How Music Can Help those living with Dementia


Looking after a family member with dementia can be a difficult task, both emotionally and practically. Seeing them struggle to understand the world around them can be heartbreaking, and can make tasks that would normally be easy - such as eating or taking a bath - much harder. However, music could provide the answer to both of these, according to new research.

If you think about it, you can probably identify at least a dozen songs that provide you with happy memories. Maybe there’s a punk track you remember dancing to as a teenager, the song to which you had your first dance at your wedding, or even a nursery rhyme you used to sing to your children.

Music has a unique ability to evoke emotions of happiness and nostalgia, and this is to do with the parts of the brain it activates. According to research published in The Lancet, these areas are among those not affected by dementia, meaning music can help access fragments of memories in sufferers who would otherwise struggle to remember anything.

This is something recommended by Glasgow-based charity Playlist For Life, founded by Scottish broadcaster Sally Magnusson. Andy Lowndes, the organisation’s deputy chair, told Reuters Health how creating a playlist for a loved one suffering from dementia can be an incredibly useful tool for therapy.

“One of the biggest challenges we have in our society is that so many people are living longer and developing dementia later in life,” he said. Drug-based therapies have so far proven ineffective, which is why the charity is focused on “non-pharmaceutical approaches”, he explained.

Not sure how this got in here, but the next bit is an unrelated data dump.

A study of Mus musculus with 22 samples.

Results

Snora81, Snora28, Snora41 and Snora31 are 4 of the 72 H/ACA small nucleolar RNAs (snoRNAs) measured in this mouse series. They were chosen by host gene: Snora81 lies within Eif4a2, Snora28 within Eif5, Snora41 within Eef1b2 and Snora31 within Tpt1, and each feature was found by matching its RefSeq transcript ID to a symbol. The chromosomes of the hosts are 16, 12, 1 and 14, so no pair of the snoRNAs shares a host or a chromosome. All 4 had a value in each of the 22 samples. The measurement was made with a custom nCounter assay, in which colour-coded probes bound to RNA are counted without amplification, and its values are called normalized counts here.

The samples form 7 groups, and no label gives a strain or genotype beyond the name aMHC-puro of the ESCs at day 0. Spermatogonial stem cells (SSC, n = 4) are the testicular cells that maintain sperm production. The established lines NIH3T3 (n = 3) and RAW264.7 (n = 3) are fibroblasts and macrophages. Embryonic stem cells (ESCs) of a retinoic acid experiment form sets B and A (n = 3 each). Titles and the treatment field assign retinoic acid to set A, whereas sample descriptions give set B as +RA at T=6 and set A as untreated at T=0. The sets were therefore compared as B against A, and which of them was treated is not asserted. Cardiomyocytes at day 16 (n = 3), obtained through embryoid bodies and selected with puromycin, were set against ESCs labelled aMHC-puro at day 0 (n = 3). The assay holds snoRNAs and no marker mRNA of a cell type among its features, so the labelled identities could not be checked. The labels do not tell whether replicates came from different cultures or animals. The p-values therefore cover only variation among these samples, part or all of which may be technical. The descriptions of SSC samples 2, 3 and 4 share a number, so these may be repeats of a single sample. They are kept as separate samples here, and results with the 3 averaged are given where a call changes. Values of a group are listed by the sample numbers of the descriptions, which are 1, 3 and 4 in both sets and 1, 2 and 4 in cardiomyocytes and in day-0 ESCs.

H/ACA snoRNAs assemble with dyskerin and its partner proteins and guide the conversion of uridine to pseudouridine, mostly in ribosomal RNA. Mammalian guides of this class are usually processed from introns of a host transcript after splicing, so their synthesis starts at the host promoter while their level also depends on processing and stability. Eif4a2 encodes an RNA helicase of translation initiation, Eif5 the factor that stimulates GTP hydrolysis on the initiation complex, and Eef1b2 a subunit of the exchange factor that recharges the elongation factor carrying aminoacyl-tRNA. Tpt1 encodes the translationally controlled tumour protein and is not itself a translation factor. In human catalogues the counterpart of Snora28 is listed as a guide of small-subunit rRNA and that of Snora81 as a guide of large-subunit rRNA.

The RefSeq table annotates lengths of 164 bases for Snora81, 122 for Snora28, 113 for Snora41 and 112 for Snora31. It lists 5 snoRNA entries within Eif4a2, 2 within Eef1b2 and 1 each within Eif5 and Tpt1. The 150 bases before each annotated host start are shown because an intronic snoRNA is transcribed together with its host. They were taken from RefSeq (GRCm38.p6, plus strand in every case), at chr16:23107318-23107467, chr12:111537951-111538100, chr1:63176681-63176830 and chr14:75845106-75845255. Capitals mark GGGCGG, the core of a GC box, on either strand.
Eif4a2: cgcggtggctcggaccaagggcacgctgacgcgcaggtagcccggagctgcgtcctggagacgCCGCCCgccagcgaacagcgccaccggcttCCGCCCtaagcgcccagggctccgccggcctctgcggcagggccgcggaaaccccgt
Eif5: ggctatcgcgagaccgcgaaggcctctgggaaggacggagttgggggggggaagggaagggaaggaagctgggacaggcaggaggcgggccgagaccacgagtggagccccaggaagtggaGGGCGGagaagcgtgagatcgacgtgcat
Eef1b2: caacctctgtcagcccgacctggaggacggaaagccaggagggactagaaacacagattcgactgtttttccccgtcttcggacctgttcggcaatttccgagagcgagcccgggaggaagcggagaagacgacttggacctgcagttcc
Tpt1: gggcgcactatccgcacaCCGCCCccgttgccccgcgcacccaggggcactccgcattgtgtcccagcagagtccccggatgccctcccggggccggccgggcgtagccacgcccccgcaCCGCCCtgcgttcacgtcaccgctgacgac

To help dementia sufferers, a playlist around half an hour in length is recommended. This can be filled with a range of songs, intended to spark an emotional response in patients. Playlist For Life recommends starting with popular songs from the years when the sufferer was aged between 10 and 30, as this tends to be when many of our big life milestones occur. They have provided a database of tracks from each decade to help out with this.

Then add tracks you know have a personal connection for your loved one. Mr Lowndes gave an example: “One of the songs on my playlist comes from My Fair Lady, which my father would put on every Sunday to see who would wash the dishes to not listen to the music.”

Finally, try to include some songs connected with your loved one’s heritage and identity. This can be church hymns, songs sung at sporting events, national anthems or tracks written in the sufferer’s native language if they grew up in another country.

Playlist For Life recommends trying out the playlist around half an hour before any difficult activity, such as bathing. This can relax dementia sufferers, giving them a sense of happiness and activating positive memories so they don’t feel as distressed by situations they don’t understand.

Music is just one of many options available to people looking after dementia patients to ensure they have the best possible quality of life while dealing with the condition. However, if you need further support you can always look into options such as live-in care. At CareBIG, we can connect you to excellent professionals while also saving you money. Click here to find out more.